How You Can Help Improve California’s Tort Reform Laws

As discussed in these articles, the California Medical Injury Compensation Reform Act has maintained the same unfair cap of $250,000 for pain and suffering damages and wrongful death claims for forty years. This unfair cap has rendered many viable medical malpractice claims too expensive for all but the most confident and expert attorneys to take on.

Forty years. That’s a long time. A quick trip down memory lane shows that, in 1975, a gallon of gas cost 59 cents, a stamp cost 13 cents, a new home cost $48,000, and you could have seen Jaws, One Flew Over the Cuckoo’s Nest, or The Return of the Pink Panther for about two dollars at the local movie theater.[1] While the cost of living has risen exponentially, pain and suffering damages for people whose lives were changed forever by the negligence of doctors and hospitals have remained fixed.

Not every state has a cap on non-economic damages in medical malpractice suits. And some state courts have overturned the caps as unconstitutional. For example, in the case, Estate of Michelle Evette McCall v. U.S., where the family of a new mother who died while under the negligent care of the U.S. Airforce sued the United States, the Florida Supreme Court held that Florida's cap on noneconomic damages violated the Equal Protection Clause of the Florida Constitution. One of the reasons the Court provided for why the cap on noneconomic damages violated the Equal Protection Clause was that it imposed an “unfair and illogical burdens on injured parties when an act of medical negligence gives rise to multiple claimants.”[2] The Court also noted that Florida’s cap on noneconomic damages had “the effect of saving a modest amount for many by imposing devastating costs on a few – those who are most grievously injured, those who sustain the greatest damage and loss, and multiple claimants for whom judicially determined noneconomic damages are subject to division and reduction simply based upon the existence of the cap.”[3]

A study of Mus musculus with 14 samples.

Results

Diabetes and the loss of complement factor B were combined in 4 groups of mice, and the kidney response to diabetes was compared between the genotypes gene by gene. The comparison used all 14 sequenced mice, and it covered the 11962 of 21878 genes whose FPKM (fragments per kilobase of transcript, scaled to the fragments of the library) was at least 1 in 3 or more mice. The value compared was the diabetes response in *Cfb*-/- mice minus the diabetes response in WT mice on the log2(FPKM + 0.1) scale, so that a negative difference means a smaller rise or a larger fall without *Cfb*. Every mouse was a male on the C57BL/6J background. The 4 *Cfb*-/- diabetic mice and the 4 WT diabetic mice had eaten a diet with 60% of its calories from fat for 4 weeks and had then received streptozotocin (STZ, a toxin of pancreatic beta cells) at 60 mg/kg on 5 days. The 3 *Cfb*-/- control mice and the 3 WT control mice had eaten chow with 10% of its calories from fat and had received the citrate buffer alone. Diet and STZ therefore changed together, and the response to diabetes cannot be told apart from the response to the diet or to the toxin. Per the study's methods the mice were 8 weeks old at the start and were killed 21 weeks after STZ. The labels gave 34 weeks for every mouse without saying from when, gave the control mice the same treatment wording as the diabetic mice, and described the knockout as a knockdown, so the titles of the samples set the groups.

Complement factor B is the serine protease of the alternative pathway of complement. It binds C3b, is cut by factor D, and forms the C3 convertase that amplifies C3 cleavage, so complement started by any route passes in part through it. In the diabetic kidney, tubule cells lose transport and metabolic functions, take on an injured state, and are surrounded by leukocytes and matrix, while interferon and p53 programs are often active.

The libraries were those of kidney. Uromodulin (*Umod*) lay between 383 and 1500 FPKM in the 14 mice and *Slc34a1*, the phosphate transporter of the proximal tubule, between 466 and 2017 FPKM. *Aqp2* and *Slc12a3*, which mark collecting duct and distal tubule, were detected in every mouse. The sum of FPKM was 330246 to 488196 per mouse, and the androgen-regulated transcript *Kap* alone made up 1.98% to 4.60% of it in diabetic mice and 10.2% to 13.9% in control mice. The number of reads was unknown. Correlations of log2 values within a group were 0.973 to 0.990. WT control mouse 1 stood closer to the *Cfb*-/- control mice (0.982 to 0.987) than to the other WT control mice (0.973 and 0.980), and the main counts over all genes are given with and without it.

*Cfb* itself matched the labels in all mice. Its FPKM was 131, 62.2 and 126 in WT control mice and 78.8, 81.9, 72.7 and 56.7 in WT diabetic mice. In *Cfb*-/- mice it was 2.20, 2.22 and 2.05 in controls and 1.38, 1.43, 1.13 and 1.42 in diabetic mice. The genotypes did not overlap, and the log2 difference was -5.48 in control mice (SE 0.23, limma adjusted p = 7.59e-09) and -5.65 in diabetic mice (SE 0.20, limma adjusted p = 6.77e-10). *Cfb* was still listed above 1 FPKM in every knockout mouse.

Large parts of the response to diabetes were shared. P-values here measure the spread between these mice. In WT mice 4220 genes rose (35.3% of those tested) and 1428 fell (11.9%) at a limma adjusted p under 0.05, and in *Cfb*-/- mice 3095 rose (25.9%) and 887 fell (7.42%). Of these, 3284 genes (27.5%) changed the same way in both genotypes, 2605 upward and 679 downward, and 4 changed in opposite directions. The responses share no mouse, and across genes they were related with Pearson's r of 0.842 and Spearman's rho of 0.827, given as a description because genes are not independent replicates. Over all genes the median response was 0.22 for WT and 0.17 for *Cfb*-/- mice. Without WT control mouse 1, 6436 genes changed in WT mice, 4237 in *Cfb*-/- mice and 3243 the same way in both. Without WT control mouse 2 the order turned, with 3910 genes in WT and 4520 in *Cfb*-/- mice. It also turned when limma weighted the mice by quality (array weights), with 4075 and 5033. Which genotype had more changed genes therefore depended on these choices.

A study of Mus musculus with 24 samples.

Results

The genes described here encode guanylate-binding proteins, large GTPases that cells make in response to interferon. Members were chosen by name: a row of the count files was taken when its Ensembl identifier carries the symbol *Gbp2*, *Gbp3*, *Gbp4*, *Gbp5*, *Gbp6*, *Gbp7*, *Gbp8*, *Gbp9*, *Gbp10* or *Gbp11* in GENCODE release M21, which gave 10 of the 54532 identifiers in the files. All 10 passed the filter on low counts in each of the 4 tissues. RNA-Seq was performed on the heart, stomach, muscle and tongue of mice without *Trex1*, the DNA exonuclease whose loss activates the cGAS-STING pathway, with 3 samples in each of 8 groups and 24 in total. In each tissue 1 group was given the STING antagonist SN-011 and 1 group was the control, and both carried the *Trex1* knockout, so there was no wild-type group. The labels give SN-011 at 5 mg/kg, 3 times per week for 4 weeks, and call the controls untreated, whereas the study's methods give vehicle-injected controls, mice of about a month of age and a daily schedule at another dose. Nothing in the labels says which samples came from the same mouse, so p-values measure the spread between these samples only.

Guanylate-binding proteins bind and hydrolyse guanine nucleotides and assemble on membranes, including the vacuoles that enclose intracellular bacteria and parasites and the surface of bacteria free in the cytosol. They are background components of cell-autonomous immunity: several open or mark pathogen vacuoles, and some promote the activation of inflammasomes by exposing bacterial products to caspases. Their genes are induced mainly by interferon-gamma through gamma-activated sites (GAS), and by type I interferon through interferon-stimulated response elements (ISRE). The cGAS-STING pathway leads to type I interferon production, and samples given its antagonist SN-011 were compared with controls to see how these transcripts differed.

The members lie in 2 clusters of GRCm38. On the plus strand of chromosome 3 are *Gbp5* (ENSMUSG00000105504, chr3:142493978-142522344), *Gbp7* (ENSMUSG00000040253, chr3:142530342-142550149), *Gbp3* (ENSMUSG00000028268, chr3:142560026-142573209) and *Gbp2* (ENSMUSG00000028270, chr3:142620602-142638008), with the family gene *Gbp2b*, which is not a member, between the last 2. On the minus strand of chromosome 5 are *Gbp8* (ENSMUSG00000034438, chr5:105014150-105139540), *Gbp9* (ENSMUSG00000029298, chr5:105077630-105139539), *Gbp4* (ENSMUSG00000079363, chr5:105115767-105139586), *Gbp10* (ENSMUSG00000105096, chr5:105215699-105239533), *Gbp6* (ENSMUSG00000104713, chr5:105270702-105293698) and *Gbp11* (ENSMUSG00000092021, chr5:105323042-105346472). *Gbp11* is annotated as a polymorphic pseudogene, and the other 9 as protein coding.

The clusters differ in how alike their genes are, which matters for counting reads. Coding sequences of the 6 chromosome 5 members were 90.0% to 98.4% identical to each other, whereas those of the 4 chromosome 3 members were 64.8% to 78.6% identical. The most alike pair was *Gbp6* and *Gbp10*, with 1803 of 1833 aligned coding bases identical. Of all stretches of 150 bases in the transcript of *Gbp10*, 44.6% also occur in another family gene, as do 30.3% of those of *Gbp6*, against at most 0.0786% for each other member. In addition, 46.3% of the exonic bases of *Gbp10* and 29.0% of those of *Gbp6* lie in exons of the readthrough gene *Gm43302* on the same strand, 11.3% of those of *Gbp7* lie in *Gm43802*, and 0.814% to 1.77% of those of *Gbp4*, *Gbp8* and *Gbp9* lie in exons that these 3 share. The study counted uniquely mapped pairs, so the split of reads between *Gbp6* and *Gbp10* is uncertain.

Can California ever become like Florida, or the many other states which have raised, eliminated, or never created caps on pain and suffering damages for medical malpractice? Thankfully, the answer is, “Yes.” Laws are changed all the time, by the legislatures who enacted them, at the urging of the voters who vote legislators into office. Every citizen can make a difference. Whether or not you are suffering today from medical malpractice, it could happen to you tomorrow. Don't let the doctors and the hospitals, who are supposed to be bound by the sacred Hippocratic Oath to do no harm, have the loudest voice. If you live in California, call, write or e-mail your state representative and ask that MICRA be repealed today.[4] In the meantime, if you live in California or another state that has an unfair cap on pain and suffering damages for medical malpractice, you can try to circumvent it by selecting an attorney who will advocate for the greatest amount of damages possible.

A Final Word of Caution

Please remember that this book is meant for general educational purposes only and not legal advice regarding a specific case. Reading this book does not create an attorney-client relationship with our office. To do that, you will need to personally contact our office, discuss your case fully, and sign a written Attorney-Client Agreement with our office. If you have a specific medical malpractice claim, you should contact our office or an experienced attorney of your choice AT ONCE for specific and accurate legal advice and representation. If you delay, you may lose all your legal rights.

  • Attorney Moseley Collins
  • Attorney John Kinney

[2] Estate of McCall v. United States, 134 So. 3d 894, 901 (Fla. 2014).

[3] Estate of McCall v. United States, 134 So. 3d 894, 903 (Fla. 2014).

[4] California State Legislature, http://www.legislature.ca.gov/your_legislator.html (last visited Sept. 18, 2019).